Ostensibly this small book is a jolly and true story (illustrated with some charming black-and-white snapshots) about the military experiences of Wojtek (pronounced Voycheck), the bear who, bought as a cub by Polish soldiers in Persia, earned name, rank and number as the mascot of the 22nd Company of the Artillery Supply Command, 2nd Polish Corps. But it proves a deeper and, especially for British readers, a much darker tale. Neal Ascherson, in a fine historical essay, explains how Wojtek spread hope and fostered humanity among soldiers, who ‘had lost most of what is supposed to make a war worth fighting and a life worth living’.
The men of the 2nd Polish Corps had fought and lost to the Germans and Russians, and survived deportation to the Soviet Union. They were released in 1942 to fight for the Allies, after the Soviets switched sides following the German invasion of Russia. Bases were set up for Polish soldiers and civilians alike. The commander of the resulting ‘army’ of ‘walking skeletons’ was General Wladyslaw Anders, himself a victim of Soviet imprisonment and torture. On his initiative the ‘army’ underwent a gruelling journey south to join the British in Palestine. Women and children were dispatched, a heart-rending process, and the 2nd Corps, the legendary ‘Anders Army’, was born.
It was in Anders Army that Wojtek (‘Happy Warrior’) made his mark. He travelled, usually in the passenger seat of a truck, from Persia in 1942 to Scotland in 1946 where, on his 1947 demobilisation, he entered Edinburgh zoo. The zoo’s director said he had never felt so sorry to see an animal confined to a cage. As an accredited Private, Wojtek had been a morale-boosting object of affection and amusement — quaffing beer, crunching lit cigarettes, wrestling with the men, scaring strangers — and a warrior on his own account. In Iraq his love of the wash-hut caused the arrest of a surprised and duly terrified enemy spy. But his and 2nd Corps’ finest hour was at Monte Cassino. Wojtek was a carrier, making light of the 100lb ammunition boxes he delivered to the batteries. The 2nd Corps successfully stormed the vitally strategic monastery on 18 May 1944, thus gaining Poland’s most mythic battle honour of the war. Soon the 22nd Company had its own regimental insignia, a silhouette of Wojtek bearing a 25lb shell.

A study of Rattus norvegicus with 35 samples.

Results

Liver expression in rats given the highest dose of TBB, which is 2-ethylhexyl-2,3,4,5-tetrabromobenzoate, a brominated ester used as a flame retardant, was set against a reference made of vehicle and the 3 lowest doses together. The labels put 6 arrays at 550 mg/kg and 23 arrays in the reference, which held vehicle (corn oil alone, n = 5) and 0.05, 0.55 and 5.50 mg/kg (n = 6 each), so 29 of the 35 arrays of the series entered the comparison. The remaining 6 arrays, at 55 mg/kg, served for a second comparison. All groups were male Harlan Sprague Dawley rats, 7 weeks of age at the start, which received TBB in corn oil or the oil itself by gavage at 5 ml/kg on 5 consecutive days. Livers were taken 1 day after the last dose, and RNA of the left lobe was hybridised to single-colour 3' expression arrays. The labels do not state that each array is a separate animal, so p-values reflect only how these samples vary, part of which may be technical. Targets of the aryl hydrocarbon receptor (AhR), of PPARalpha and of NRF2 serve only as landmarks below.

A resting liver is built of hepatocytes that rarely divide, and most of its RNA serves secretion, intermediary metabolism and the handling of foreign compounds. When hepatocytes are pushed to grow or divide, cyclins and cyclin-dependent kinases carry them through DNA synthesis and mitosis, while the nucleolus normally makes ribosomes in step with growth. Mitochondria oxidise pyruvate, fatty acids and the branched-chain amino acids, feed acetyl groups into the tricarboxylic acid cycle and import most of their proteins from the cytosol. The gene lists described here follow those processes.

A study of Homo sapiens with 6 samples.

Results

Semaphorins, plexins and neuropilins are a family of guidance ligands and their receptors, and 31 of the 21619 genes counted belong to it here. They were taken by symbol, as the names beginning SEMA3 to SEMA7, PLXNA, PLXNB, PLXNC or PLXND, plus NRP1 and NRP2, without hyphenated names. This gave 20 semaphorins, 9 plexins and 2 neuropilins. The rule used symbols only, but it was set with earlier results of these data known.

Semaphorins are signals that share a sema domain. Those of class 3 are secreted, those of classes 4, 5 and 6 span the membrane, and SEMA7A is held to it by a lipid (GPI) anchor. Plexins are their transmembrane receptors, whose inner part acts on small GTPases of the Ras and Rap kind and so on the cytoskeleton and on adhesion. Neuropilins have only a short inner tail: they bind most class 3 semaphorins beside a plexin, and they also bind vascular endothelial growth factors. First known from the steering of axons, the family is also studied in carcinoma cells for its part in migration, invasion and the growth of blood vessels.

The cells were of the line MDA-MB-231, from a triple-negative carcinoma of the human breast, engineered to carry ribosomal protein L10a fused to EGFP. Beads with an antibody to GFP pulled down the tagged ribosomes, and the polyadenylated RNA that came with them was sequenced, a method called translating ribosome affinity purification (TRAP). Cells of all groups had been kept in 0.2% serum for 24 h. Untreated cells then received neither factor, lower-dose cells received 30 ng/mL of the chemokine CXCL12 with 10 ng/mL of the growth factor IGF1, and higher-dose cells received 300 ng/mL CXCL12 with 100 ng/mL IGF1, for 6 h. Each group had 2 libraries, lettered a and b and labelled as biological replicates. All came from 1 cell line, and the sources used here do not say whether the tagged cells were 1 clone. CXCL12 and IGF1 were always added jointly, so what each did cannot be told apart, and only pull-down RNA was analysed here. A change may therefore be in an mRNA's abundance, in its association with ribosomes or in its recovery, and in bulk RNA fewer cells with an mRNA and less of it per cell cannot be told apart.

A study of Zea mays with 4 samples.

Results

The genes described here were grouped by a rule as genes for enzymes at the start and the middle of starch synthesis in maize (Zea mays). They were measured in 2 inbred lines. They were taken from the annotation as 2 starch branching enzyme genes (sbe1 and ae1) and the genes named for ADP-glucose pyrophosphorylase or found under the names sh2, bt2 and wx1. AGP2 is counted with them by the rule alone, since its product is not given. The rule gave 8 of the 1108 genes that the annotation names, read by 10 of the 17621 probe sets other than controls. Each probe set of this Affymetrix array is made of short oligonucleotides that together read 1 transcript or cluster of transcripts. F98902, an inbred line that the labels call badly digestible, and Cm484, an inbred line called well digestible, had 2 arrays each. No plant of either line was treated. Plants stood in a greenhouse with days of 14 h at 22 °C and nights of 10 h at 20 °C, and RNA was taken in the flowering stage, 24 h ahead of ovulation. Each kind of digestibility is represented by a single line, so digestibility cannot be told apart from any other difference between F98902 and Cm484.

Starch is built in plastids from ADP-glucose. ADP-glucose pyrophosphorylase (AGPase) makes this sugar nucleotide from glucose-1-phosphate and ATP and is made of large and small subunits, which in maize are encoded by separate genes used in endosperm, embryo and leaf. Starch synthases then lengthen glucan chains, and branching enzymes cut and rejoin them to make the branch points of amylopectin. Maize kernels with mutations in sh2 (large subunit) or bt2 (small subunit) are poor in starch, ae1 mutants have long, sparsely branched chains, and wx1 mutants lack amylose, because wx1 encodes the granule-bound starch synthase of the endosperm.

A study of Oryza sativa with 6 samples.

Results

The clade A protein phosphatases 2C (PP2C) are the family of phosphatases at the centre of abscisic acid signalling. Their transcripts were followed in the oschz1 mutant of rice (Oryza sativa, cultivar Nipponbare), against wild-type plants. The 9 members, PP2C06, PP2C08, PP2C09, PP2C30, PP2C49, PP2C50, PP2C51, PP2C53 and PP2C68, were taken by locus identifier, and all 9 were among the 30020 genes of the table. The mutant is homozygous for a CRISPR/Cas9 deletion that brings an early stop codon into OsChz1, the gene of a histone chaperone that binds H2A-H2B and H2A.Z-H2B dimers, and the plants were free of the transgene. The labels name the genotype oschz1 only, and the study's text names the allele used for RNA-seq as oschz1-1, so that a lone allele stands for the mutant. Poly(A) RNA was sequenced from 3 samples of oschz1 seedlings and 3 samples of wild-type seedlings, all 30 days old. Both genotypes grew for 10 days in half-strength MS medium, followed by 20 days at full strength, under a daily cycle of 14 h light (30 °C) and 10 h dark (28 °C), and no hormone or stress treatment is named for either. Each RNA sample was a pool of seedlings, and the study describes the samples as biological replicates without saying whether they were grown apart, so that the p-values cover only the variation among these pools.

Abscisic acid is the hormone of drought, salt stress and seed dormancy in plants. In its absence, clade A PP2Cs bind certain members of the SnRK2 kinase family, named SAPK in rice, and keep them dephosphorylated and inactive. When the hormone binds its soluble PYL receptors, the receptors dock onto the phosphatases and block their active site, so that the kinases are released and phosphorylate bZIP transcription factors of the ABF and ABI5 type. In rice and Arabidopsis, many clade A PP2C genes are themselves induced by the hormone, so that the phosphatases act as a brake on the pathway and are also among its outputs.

Hopes were now high that the Polish army would liberate its own country, but they were soon dashed. Poland had yet again been betrayed, this time by the American, British and Soviet tripartite conference at Yalta on the division of postwar Europe. In the words of Anders’ telegram to the London-based Polish president-in-exile, the 2nd Corps could not accept this ‘unilateral decision by which Poland and the Polish nation are surrendered to be the spoils of the Bolsheviks’.
In fact the decision had been secretly agreed in 1943 at the tripartite meeting of the big three in Tehran. That Britain proceeded to recognise the puppet government in Warsaw rather than the government-in-exile, its loyal ally throughout the war, was a perfidy compounded by the refusal to allow the Poles to march on VE Day, an insult which still rankles.
The 22nd Company was eventually posted to Berwickshire, via Naples and Glasgow, with Wojtek leading the victory march. The Labour government’s subsequent bribes to send Poles home to almost certain death provided a suitably disgraceful conclusion to our duplicity. And these were the people on whose behalf we had gone to war in 1939.
To make some amends Aileen Cooper has founded the Wojtek Memorial Trust to fight for Polish rights and written this latest book on Wojtek — required reading for any idealist considering a career in politics.